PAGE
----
14 June 2019
What is a cataract?
A cataract is a cloudy natural lens. The lens of the eye is found behind the iris, the coloured structure of the eye that gives us our green or brown eyes, and is normally clear and transparent. As we get older the lens loses its elasticity and clarity, resulting initially in symptoms of presbyopia (need for reading glasses) and later in blurred and poor quality vision. Although usually a natural development, cataract can also be associated with other eye conditions, the use of steroids or trauma to the eye.
I wear glasses for both distance and near; will cataract surgery get me out of glasses?
Cataract surgery provides a great opportunity to address any refractive errors of your eye, whether you are short-sighted or long-sighted. Selection of the appropriate lens during surgery can reduce or eliminate your need for distance and near spectacles following the procedure.
I have astigmatism. Will using a toric lens during surgery correct this?
Very often the cornea is not a perfect sphere in shape, resulting in astigmatism that is usually compensated for with spectacles. If you have astigmatism, it is advisable to use a toric lens during surgery. A toric lens will correct any underlying astigmatism, providing better vision without spectacles and reducing or eliminating the need for spectacles following the surgery.
What is a multi-focal lens and who would need one?
A multifocal lens is a great option if you are motivated and interested in being less dependent on spectacles following surgery. It can provide clear vision for both distance and near without needing glasses. The majority of patients can read small print, however a weak pair of glasses may be needed for prolonged reading or computer use. This lens can be combined with astigmatism reduction (toric multifocal lens), allowing you to achieve the best possible vision.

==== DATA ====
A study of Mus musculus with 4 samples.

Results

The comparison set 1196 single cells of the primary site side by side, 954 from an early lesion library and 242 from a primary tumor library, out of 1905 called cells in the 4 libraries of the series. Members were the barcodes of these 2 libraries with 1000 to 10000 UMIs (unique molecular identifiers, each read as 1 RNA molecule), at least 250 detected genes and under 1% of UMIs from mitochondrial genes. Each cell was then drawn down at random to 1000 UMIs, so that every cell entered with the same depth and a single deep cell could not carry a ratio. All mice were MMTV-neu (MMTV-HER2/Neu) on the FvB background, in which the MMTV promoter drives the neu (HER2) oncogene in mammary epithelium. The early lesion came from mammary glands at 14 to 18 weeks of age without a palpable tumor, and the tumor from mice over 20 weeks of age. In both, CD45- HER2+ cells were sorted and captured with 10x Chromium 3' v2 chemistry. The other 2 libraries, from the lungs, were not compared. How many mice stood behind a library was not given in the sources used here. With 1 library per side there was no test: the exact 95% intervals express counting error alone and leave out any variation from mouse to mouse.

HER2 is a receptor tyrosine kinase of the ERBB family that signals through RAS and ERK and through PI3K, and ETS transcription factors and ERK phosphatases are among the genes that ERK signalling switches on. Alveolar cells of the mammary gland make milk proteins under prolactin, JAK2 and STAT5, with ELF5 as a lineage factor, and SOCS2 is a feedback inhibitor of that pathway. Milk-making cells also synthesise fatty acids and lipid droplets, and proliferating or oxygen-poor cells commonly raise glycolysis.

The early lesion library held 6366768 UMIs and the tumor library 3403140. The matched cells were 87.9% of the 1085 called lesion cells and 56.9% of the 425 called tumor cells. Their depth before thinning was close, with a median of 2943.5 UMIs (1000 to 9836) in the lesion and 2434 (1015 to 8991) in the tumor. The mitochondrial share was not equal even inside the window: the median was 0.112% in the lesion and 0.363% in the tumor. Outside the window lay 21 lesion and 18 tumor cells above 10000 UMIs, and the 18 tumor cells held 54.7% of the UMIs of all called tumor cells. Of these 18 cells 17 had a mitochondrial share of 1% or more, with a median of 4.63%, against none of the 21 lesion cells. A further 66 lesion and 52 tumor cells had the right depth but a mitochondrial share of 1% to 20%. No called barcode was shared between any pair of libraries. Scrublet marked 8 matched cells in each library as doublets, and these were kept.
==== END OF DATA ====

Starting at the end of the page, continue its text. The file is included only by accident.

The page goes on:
How different is cataract surgery if I choose a premium lens?
Cataract surgery is very similar for all types of lens that may be used. Consideration for a premium lens, whether multifocal or toric, will require more detailed assessment and scans during your clinic consultation. A toric lens will require specific alignment during the surgery, adding a few extra steps to the pre-operative ward round and to the surgery.
What happens after treatment, what can I expect during recovery?
After surgery your eye will be comfortable, possibly slightly scratchy. As your eye recovers, your vision will be blurred for the first day due to the surgery and a large pupil. It will then start to improve over the next few days and within the week your vision will have improved to a very good level. Care is required the first week or two but most routine daily activities can be performed as usual.
The content of this article is provided for general information only, and should not be treated as a substitute for the professional medical advice of your doctor or other health care professional.